The Difference Between Security Freezes, Credit Report Blocking and Fraud Alerts


Thankfully, there are also several methods you can engage in to keep your credit intact and protected if you suspect that your own sensitive data has been compromised. These methods include security freezes, credit report blocking, and fraud alerts. Understanding how each one works can help you better decide which method you might want to utilize.

What is a Security Freeze?

A security freeze is one of the most effective ways you can prevent someone from committing identity theft with your credit. When you place a security freeze on your credit, the majority of lenders will be unable to pull your credit history. This prevents someone from being able to open up new credit card accounts in your name or apply for loans.

However, the one drawback is it also stops many companies that need to pull a credit history for you from being able to do so, such as telecommunications companies or insurers. If you are planning on moving, seeking to rent an apartment, switching phone service providers, etc., you wouldn’t want to enact a security freeze yet. A security freeze will last for as long as you like.

What is a Fraud Alert?

Somewhat less restrictive than a security freeze is a fraud alert. This just puts a notice on your account that there may be attempts at fraud with your credit. Any lenders, banks, and other institutions or companies that will be pulling your credit report will see the fraud alert. Subsequently, they will take steps to ensure that they are dealing only with you, and not someone seeking to commit fraud. A fraud alert lasts 90 days, but you can request extensions.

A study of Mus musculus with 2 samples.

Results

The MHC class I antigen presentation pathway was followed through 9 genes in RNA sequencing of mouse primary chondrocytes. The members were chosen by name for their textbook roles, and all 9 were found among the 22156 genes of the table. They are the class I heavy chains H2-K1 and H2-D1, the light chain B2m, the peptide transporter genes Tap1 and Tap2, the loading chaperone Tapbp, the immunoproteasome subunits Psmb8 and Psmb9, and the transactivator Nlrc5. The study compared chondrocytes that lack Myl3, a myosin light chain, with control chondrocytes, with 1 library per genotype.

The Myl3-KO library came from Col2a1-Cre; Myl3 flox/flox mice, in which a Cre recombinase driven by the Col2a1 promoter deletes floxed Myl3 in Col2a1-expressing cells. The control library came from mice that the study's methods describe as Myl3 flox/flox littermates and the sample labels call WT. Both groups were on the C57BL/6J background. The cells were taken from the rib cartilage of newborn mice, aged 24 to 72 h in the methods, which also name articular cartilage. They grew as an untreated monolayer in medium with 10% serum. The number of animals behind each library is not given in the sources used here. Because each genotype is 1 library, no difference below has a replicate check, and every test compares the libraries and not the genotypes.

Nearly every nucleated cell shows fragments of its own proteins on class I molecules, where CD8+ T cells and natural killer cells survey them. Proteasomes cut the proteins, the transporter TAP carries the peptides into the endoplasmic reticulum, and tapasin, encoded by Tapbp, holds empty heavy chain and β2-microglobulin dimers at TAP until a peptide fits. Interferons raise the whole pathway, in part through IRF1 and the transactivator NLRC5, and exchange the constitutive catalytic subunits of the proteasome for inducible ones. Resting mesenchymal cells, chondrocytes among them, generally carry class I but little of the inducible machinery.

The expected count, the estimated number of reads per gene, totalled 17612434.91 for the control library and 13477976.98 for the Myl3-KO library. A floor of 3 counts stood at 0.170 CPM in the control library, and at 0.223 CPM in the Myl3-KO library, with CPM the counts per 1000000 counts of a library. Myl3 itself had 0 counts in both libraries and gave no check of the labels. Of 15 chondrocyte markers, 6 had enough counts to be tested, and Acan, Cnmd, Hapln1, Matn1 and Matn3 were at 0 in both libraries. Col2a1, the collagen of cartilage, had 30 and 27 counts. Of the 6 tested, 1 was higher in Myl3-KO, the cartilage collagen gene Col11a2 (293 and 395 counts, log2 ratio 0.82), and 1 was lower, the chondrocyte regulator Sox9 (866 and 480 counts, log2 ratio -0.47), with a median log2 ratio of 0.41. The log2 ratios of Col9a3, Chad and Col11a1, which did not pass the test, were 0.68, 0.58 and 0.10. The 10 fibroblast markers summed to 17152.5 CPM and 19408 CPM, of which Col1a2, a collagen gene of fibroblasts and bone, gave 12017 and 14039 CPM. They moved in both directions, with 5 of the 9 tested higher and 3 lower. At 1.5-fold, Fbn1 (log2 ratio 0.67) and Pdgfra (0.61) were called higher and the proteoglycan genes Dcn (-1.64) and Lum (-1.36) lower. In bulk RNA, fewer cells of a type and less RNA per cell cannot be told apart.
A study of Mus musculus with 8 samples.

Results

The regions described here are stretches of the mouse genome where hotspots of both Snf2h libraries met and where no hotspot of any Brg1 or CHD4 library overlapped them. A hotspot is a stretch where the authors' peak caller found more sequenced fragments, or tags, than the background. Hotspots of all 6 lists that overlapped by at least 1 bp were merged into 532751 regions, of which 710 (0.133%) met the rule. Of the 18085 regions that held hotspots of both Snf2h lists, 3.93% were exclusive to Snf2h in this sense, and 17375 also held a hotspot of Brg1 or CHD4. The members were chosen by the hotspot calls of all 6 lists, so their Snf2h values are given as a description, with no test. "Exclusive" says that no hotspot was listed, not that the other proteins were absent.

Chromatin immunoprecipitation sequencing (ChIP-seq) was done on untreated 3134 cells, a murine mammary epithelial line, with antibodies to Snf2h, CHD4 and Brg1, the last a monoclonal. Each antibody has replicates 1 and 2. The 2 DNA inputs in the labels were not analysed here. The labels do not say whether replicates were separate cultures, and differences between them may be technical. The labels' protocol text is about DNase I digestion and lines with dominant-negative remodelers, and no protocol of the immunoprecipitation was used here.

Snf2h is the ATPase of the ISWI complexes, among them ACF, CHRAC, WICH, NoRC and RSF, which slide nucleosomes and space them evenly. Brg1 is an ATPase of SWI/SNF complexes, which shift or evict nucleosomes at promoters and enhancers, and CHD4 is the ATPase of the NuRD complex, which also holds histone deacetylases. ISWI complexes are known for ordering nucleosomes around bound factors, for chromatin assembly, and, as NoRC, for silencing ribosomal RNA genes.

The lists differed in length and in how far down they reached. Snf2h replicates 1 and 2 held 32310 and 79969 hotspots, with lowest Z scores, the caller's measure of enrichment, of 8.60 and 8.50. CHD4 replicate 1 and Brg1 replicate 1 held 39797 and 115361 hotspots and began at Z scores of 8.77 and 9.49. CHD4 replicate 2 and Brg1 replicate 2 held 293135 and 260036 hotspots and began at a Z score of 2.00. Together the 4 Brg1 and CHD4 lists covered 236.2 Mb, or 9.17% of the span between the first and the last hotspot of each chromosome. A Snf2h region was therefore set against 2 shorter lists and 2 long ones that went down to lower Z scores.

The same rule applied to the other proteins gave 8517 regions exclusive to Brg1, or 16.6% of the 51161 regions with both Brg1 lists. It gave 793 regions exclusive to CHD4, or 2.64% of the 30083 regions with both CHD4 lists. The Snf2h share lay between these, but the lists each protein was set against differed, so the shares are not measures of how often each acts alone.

What is Credit Report Blocking?

Credit report blocking, also referred to as a credit lock, is similar to a security freeze, but gives you much more flexibility in unlocking it as needed. Unlocking a security freeze requires several steps and doesn’t happen immediately. You can turn off credit report blocking using your computer or mobile device when you need to. However, you may not receive as much protection with this method as you would with a security freeze.

If you feel you have been a victim of fraud or identity theft, contact the three major credit reporting bureaus, Equifax, Experian, and TransUnion, and discuss your options for protecting your credit. Credit already damaged? If you’re wondering if you should use a credit repair company to try to repair your credit, ask yourself a few questions about your situation and then do your research. You can start with Credit Repair Services: What You Should Know. Or you can check out our reviews of services like Sky Blue Credit Repair or The Credit People.


About the Author

Mary Beth Eastman

Mary Beth Eastman serves as the content manager for Versus Reviews, where she is dedicated to helping readers compare popular products. Mary Beth has a degree in Journalism from Bowling Green State University and has focused her 20-year journalism career on putting readers front and center, carefully considering their concerns and presenting information that will help them in their everyday lives. She has won numerous statewide journalism awards. Her writing has been featured on numerous websites in addition to Versus Reviews, including the Huffington Post and the Lexington Law blog. Mary Beth resides in Pittsburgh, Pa., with her family and two rescue dogs.